One of the things I really love about Scripture is how, even though you read something over and over, there’s a nuance, an observation, something new that changes everything for you.

I had one of these moments the other day, as I was reading a great book by Michael Heiser called “The Unseen Realm.” In the book, he talks about the famous showdown in the wilderness at the beginning of Jesus’ ministry between Jesus and Satan. Jesus spends 40 days in the wilderness, fasting and praying, preparing for his public ministry. Satan shows up and tempts Jesus three times. In the third of these temptations, Satan takes Jesus to a high place, showing Him all the kingdoms of the world. Satan has been given dominion over these kingdoms by God, and he will give them all to Jesus…for a price. This offer represents a shortcut to accomplish the purpose to which Jesus has been called, and all he has to do is simply acknowledge that Satan has the power and authority to grant these kingdoms to Jesus. Simply recognize that Jesus required Satan’s permission to acquire the nations turned over to him through man’s sin.  That’s it. Instead, Jesus tells Satan to be gone, that Jesus serves the Lord and His plan, rather than Satan’s whims. Jesus doesn’t reveal God’s plan to the devil. Satan, who is not omniscient, doesn’t know the plan.

We do, however, in hindsight.  The plan was never for God to ask permission from Satan to release us back to God. God doesn’t ask permission to rescue His beloved. The plan was to take us back. To begin a holy war against the power of darkness.

Heiser notes that, immediately after that encounter, Jesus calls His disciples and casts out a demon. Amazingly, this was the first time Scripture ever records demons being cast out from people. From that point forward, Jesus begins taking us back, freeing His Kingdom from the clutches of hell. His death on the cross, the final payment for our sin, was the unforeseen, unexpected blow that has led, and will lead to Satan’s ultimate defeat. Jesus’ death and resurrection also made it possible for us, his children, to be empowered by the Holy Spirit. Jesus said, “I saw Satan fall like lightning from heaven. I have given you authority to trample on snakes and scorpions and to overcome all the power of the enemy; nothing will harm you.” (Luke 10) At Caesarea Philippi, Jesus tells His disciples that He will build His Church, “and the gates of hell will not prevail against it.” (Matt. 16). Jesus not only has the power to cast out demons and to wage an assault on the gates of hell, but He gives us that same power, with that same mission.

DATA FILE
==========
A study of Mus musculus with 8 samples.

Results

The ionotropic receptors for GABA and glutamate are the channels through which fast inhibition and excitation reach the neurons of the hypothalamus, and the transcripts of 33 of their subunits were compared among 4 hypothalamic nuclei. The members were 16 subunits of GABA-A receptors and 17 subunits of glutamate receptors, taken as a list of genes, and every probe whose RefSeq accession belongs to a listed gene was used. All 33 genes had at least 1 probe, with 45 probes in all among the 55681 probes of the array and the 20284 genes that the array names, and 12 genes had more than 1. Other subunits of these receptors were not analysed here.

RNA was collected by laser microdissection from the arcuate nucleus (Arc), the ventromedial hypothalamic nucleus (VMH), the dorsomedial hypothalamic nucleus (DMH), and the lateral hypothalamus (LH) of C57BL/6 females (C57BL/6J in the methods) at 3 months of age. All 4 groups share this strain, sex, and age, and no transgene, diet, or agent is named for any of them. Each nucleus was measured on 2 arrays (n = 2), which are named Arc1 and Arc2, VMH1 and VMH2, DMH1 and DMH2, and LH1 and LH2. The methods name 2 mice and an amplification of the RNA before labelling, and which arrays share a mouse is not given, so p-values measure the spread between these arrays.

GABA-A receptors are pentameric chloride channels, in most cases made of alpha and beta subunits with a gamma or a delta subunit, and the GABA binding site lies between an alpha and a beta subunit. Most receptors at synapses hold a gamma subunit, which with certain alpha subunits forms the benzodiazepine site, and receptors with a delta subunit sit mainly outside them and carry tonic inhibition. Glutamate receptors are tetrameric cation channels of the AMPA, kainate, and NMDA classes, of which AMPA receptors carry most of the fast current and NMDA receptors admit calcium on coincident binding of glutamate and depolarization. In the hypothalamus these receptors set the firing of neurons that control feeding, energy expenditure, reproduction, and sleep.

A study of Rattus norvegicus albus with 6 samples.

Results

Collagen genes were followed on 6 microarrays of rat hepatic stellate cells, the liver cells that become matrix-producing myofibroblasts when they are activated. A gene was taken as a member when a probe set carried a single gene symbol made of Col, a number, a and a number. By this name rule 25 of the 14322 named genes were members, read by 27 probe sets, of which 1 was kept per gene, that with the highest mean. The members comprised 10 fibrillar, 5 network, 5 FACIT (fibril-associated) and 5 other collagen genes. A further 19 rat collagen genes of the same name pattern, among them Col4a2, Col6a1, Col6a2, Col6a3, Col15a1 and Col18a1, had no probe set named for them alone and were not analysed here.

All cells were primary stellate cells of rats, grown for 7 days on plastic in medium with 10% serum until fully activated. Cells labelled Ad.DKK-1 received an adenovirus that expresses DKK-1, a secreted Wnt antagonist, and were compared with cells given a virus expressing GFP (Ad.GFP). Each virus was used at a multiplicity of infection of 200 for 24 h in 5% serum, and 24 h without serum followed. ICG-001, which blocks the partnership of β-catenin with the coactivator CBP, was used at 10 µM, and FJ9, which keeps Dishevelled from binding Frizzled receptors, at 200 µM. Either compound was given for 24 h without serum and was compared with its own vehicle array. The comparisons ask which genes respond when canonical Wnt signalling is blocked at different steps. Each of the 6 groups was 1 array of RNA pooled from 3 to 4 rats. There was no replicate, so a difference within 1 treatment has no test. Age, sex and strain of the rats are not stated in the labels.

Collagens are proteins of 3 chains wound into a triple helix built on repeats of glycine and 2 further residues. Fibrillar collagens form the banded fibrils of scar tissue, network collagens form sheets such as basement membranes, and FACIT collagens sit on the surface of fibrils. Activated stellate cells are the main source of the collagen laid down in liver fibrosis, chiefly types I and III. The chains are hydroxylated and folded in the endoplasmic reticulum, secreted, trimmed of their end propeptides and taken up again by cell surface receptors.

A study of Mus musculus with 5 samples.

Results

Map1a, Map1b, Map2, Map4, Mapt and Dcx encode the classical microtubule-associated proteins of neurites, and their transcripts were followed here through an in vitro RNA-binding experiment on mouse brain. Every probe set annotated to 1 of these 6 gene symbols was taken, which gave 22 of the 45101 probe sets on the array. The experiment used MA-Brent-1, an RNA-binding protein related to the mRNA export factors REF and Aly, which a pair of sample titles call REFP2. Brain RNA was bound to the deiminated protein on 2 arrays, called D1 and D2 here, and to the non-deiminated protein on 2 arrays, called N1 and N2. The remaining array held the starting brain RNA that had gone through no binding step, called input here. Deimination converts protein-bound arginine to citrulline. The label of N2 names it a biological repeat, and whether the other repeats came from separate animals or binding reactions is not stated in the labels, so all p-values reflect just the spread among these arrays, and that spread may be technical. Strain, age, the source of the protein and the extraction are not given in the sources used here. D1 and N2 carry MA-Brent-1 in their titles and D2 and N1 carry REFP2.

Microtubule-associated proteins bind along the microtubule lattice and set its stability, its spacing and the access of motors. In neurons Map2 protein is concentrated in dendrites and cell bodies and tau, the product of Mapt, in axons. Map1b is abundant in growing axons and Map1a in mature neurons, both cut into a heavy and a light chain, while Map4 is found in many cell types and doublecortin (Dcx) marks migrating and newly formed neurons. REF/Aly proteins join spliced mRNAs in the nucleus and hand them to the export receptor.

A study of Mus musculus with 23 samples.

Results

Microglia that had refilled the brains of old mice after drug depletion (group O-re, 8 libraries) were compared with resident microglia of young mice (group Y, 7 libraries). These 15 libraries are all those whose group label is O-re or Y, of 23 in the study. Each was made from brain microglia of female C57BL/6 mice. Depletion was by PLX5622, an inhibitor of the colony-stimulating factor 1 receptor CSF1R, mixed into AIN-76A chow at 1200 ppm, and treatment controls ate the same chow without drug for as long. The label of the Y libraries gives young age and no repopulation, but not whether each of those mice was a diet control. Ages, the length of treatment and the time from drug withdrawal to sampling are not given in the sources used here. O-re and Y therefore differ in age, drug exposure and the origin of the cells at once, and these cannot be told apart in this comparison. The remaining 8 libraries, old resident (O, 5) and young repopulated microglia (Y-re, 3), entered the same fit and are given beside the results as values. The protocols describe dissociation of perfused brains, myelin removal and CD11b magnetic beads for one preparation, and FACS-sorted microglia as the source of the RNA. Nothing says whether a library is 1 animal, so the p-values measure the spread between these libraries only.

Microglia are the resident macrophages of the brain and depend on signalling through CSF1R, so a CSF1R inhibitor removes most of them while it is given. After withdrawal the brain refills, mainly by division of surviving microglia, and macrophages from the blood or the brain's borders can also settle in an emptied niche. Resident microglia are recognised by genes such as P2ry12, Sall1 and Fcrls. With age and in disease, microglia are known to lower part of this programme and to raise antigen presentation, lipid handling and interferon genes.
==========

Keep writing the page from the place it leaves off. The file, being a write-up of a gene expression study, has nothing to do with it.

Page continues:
If you’re like me, life is good and joyful and sometimes really fun, but much of the time it’s painful and difficult, with lots of striving. It seems like I’m always facing resistance, that nothing is ever easy. It seems that life is full of pain and turmoil, and when I’m not grieving my own difficulties, I’m empathetically mourning someone else’s. Often, I feel like I’m pushing a boulder up a hill.

But, that’s the way battle works. That’s what spiritual warfare is all about.  Life is often a hard slog, dodging bullets, taking fire, figuratively speaking. Satan and his minions aren’t going down without a fight. But, make no mistake: they are going down. And, God has used and is using His Church throughout the ages to take him down, to drive back evil and the effects of the fall wherever it is. Every time we pray for someone, or alleviate their suffering, or introduce them for Jesus, or tell our kids how God came through for us in our past, or work to make things better, whatever that looks like, we are launching ourselves at the gates of hell. And, the gates are cracking at the hinges.

We can’t avoid hardship and difficulty, and we shouldn’t try. We shouldn’t try to avoid it ourselves, and we shouldn’t rescue our kids from it.  The challenges we face, the striving and the difficulties, are the very things God uses to mold us and make us stronger, more able to launch still more assaults against Satan and hell. We do ourselves and our children a huge disservice when we steer them and ourselves away from the fire. We’re designed to run into the fire, because into the fire is the very thing that makes us stronger, more equipped to face life, to conquer evil and Satan, and to be all God created us to be. God has given us everything we need to not just endure the fire, but to beat it back, to break it, and to emerge broken and victorious. The power to do all that, the power that strikes fear in the hearts of demons is yours for the asking, the Holy Spirit in you.

Scripture tells us that we, and our kids, are made to be more than conquerors.  That is the promise of the cross, sealed by the empty tomb.

Jay Ferguson, PhD writes regularly on his blog, The Head and The Heart.